Thursday, December 18, 2008
An intercooler, or charge air cooler, is an air-to-air or air-to-liquid heat exchange device used on turbocharged and supercharged (forced induction) internal combustion engines to improve their volumetric efficiency by increasing intake air charge density through isochoric cooling. A decrease in air intake temperature provides a denser intake charge to the engine and allows more air and fuel to be combusted per engine cycle, increasing the output of the engine.
The inter prefix in the device name originates from historic compressor designs. In the past, aircraft engines were built with charge air coolers that were installed between multiple stages of supercharging, thus the designation of inter. Modern automobile designs are technically designated aftercoolers because of their placement at the end of supercharging chain. This term is now considered archaic in modern automobile terminology since most forced induction vehicles have single-stage superchargers or turbochargers. In a vehicle fitted with two-stage turbocharging, it is possible to have both an intercooler (between the two turbocharger units) and an aftercooler (between the second-stage turbo and the engine). The JCB Dieselmax land speed record-holding car is an example of such a system. In general, an intercooler or aftercooler is said to be a charge air cooler.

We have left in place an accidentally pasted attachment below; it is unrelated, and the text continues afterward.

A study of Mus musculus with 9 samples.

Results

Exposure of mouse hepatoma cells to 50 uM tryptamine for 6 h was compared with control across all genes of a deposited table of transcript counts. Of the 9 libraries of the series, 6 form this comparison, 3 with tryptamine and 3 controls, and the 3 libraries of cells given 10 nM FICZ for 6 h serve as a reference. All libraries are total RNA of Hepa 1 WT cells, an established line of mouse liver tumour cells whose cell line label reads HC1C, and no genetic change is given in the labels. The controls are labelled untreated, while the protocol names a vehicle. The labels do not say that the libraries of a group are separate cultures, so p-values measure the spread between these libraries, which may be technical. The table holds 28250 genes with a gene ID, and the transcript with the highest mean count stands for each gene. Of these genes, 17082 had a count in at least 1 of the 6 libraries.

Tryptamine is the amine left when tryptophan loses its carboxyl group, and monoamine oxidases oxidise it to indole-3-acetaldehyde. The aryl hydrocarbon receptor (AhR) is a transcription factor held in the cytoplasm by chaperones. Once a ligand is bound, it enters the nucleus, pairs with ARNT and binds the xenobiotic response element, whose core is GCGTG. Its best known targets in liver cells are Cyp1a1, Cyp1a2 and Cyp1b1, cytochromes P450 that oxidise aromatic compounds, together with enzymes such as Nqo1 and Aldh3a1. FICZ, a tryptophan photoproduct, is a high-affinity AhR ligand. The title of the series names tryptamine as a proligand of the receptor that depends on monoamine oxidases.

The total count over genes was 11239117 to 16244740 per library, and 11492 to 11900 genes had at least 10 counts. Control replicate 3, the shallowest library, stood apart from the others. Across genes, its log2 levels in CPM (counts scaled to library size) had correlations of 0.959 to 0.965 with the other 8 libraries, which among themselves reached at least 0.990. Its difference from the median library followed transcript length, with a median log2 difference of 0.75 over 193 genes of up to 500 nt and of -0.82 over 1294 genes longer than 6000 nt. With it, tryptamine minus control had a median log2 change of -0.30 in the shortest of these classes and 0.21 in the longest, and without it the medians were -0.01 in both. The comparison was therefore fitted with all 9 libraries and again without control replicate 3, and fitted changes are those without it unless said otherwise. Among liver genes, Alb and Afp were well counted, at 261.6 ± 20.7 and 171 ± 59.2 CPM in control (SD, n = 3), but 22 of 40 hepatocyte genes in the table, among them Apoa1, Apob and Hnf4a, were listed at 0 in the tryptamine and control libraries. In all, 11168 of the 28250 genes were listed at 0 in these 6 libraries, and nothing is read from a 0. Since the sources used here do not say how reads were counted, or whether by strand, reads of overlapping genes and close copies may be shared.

Intercoolers can vary dramatically in size, shape, and design, depending on the performance and space requirements of the entire supercharger system. Common spatial designs are front mounted intercoolers (FMIC), top mounted intercoolers (TMIC), hybrid mount intercoolers (HMIC). Each type can be cooled with an air-to-air system, air-to-liquid system, or a combination of both.
Many older turbo-charged cars, such as the Toyota Supra (JZA80 only), Nissan 300ZX Twin Turbo, Nissan 200SX (S13/14/14a/15), Mitsubishi 3000gt, Saab 900, Volkswagen, Audi TT, and Turbo Mitsubishi Eclipse use side-mounted air-to-air intercoolers (SMIC), which are mounted in the front corner of the bumper or in front of one of the wheels. Side-mounted intercoolers are generally smaller, mainly due to space constraints, and sometimes two are used to gain the performance of a larger, single intercooler. Cars such as the Subaru Impreza WRX, MINI Cooper S, Toyota Celica GT-Four, Nissan Pulsar GTI-R, MAZDASPEED3, MAZDASPEED6 and the PSA Peugeot Citroën turbo diesels, use air-to-air top mounted intercoolers (TMIC) located on top of the engine. Air is directed through the intercooler through the use of a hood scoop. In the case of the PSA cars the air intake is the grille above the front bumper, then flows through under-hood ducting. Top mounted intercoolers sometimes suffer from heat diffusion due to proximity with the engine, warming them and reducing their overall efficiency. Some World Rally Championship cars use a reverse-induction system design whereby air is forced through ducts in the front bumper to a horizontally-mounted intercooler.